It’s a Most Unusual Play

Well, this week is shaping up to be a good one for the thee-atah. Monday night was excellent fun, because “The Play that Goes Wrong” lives up to its name and then some. It’s an off Broadway show, so good I will see it again in early June. It’s marvelously wacky and unpredictable. If your life lacks stability, you might feel threatened by every moment of it. Or it might be just the ticket. Don’t miss it if you’re in the city.

And last night I saw Sam Shepard’s “Curse of the Starving Class,” which, now that I’ve read about it, is worth more laughs than I found while seeing it. In Act I, the young man of the subject dysfunctional farm family walked off stage and returned with his arms full of one young lamb, Annie,

This is Annie, who stole the show.

who he placed into a simple cage. Annie sniffed the environs quietly for a few moments. Then she lay down to rest.

Well…as soon as I saw that lamb, I lost interest in anything else on the stage. Nothing else mattered. They were, as far as I was concerned, another family consumed with angst and/or anger, saying impolite things to each other; and, on the sweeter side of life, there was a fleecy, off-white, semi-large animal there who uttered not a sound and seemed quite content to nap quietly while the humanity around him, unfettered by a cage, descended, kicking and screaming, into hell.

One reason I can make a comment like that about a significant and widely-acclaimed work of great social import written by a man who was widely respected while he was alive, is this: everywhere I wander in New York, I see people of all descriptions (who may be living the lives I saw on stage) who could be actors and who even look like actors or look famous or look like they could be famous…but I have never seen a lamb anywhere—except on that stage last night. That was a real treat. And that lamb IS famous.

The lamb in Curse of the Starving Class is named Annie. She was an orphaned bottle-baby acquired by famed animal trainer Bill Berloni. Bill has been providing animals for theater for over 40 years. This will be his third production of Curse of the starving Class and his fourth production with lambs onstage. In addition to being an animal trainer, Bill is the Director of Animal Behavior for the Humane Society of New York where he has cared for animals for over 25 years. Bill is a licensed exhibitor with the USDA and is under the scrutiny of the USDA, the State and City of New York. Annie currently lives in a house with her handler, Schuyler Beeman, a shepherd. Schuyler will take Annie into his flock in rural Connecticut after the production where she will spend her days producing wool.

And then, wonder of wonders, as I waited for the A train in the 42nd Street station, a handsome young man waited, too, along with a beautiful and sweet-natured Shiba Inu, “She’s two years old,” he told me. He was clearly smitten. I thought she looked like a puppy. She greeted me without fear or hesitation. She had the sweetest, most beautiful face I have seen, and thick, creamy white fur almost as soft as my cat’s. I was enjoying meeting her so much that I didn’t think at all about taking a photo, so I’ve appropriated one that’s close.

If ever I want to have a dog companion, the Shiba is my top choice.

When the train stopped, we got into a brand-new car. The floor was immaculate, devoid of the usual dirty newspapers, splatters, and the half-filled drink rolling back and forth on the floor. The seats were  unmarked and shiny. The metal work, the rails and panels and window frames and all that—every bit looked like art, like a special industrial design project. It rode quietly and smoothly on its air suspension. That air suspension is why you don’t feel hammered riding in these long heavy cars running on steel rails. You’ll see the car’s height shift a bit  at stations. That’s the air suspension doing its thing, compensating for the changing weight of the car as people enter and leave it.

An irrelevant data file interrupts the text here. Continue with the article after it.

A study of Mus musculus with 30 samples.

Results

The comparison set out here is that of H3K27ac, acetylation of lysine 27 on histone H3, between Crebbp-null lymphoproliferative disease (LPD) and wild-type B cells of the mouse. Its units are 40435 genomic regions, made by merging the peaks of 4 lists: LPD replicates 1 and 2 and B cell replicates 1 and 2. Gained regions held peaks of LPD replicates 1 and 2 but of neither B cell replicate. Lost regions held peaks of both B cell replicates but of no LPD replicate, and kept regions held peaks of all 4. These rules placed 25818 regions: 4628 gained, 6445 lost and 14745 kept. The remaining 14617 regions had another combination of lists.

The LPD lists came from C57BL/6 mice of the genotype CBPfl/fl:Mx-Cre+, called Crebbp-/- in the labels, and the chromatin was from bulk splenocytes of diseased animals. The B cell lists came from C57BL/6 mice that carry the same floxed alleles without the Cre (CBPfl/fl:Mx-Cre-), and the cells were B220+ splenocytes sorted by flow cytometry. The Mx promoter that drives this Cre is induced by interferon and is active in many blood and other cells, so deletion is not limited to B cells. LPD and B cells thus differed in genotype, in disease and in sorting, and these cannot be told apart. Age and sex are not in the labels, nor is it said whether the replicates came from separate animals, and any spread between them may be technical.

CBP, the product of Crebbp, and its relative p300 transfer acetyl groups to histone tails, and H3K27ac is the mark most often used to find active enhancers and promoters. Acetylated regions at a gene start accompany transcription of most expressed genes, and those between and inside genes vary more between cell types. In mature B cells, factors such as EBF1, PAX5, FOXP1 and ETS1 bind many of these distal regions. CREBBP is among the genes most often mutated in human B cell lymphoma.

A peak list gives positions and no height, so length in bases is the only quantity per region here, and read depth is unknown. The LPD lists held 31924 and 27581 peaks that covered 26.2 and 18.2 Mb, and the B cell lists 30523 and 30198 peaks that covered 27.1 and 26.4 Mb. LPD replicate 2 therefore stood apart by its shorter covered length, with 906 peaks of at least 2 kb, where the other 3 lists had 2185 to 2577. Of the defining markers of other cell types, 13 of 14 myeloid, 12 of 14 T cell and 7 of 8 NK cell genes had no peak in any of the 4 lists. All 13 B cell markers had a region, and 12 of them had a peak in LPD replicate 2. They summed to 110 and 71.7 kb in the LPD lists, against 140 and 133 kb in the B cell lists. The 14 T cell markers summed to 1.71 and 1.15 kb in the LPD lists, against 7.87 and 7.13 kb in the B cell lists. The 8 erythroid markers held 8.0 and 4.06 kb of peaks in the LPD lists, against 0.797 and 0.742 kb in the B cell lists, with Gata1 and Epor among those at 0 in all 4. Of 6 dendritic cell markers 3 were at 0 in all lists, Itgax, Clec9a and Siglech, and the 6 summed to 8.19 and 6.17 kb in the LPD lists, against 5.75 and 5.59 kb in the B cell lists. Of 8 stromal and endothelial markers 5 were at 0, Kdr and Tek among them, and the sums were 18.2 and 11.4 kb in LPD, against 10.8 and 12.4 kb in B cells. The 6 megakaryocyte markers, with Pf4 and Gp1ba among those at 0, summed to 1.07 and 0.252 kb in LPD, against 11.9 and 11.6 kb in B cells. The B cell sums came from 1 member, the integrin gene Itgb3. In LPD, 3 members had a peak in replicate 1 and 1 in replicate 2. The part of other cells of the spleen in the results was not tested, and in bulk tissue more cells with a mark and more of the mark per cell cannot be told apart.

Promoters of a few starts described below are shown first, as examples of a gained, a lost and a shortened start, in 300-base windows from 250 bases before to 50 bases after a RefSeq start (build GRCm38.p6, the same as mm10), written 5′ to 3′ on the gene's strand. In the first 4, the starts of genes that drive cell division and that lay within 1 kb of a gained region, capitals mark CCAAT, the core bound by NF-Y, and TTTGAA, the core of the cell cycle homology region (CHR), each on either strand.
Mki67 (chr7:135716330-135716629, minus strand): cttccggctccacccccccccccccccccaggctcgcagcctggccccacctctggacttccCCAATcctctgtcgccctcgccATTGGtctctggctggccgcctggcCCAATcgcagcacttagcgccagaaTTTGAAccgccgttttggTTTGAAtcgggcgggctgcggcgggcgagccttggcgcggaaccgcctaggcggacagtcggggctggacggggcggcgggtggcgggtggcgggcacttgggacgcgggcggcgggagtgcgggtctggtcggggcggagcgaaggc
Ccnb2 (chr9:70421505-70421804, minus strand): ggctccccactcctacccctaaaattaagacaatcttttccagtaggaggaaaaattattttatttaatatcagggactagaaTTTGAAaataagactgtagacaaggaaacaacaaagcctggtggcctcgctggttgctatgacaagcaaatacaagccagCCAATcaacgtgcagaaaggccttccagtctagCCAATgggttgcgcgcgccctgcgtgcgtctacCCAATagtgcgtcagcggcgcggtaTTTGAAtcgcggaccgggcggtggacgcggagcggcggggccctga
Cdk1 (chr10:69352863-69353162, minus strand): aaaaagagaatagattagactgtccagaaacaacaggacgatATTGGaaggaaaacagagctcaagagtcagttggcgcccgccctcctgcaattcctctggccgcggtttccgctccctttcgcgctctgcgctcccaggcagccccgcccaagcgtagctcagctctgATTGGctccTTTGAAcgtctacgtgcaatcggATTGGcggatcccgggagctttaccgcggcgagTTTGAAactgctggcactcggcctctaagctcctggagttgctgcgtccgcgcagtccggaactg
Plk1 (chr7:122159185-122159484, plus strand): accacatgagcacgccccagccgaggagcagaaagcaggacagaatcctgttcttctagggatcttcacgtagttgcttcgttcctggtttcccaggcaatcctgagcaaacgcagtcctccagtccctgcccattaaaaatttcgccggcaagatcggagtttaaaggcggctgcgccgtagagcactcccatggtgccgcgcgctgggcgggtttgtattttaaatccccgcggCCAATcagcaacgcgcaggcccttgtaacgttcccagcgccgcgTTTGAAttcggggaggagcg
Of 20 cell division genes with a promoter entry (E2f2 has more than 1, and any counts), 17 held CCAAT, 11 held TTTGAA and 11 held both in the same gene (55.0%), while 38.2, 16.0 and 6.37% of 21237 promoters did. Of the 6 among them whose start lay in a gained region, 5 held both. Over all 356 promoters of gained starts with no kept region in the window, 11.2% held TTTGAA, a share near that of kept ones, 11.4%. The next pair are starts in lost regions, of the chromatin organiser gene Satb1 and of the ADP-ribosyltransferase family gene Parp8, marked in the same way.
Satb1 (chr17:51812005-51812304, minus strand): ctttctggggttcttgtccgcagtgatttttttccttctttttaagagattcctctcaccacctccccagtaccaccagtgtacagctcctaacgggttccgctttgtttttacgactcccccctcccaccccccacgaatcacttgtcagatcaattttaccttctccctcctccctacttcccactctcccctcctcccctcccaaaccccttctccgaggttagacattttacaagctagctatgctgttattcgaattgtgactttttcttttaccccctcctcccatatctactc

Speaking of dogs, they never fail to harness my attention as I walk through the city. I love all of them—and there’s all manner of dogs here, from mutts to purebred aristocrats. You will see, if you’re paying attention to the scene as a little boy would, that there are lots of French Bulldogs. They’re the overwhelming NYC favorite. They look a trifle haughty, but they’re friendly and quite open. And Yorkies—I think that’s what they’re called—many people have them, too. One man I met briefly had five.

Sometimes I think I live in protected bubble, right here in Manhattan, as the nation goes absolutely crazy around me. Another school shooting, this time in my home state, North Carolina, took the life of a young man who undoubtedly saved quite a few others. That makes me very sad. Everyone’s up in arms over a few cases of measles. Some  want to force everyone to be vaccinated, which is utterly opposed to the freedom that this nation claims to represent, and quite dangerous for some. The usual salivating over the coming election has begun, and it’s just a crashing bore. We know who really runs the country, right?

I am as hungry for change as anyone. But life is funny, and the collective life of a nation is quite complex. We think we walk on both feet, putting one in front of the other. But one gets stuck somehow and can’t move quite as far forward as it should. We make progress, but it’s fitful and sometimes arduous. Something holds us back, and we can’t always know what it is.

So here I am, at 65 and counting, living in a huge city, taking no medications, still wondering what to do with this life. And yet I manage to fill the hours pretty well, and sometimes productively…just ask my cat.

About Russ Wollman

My feet are finally in the water, and I want to keep them there.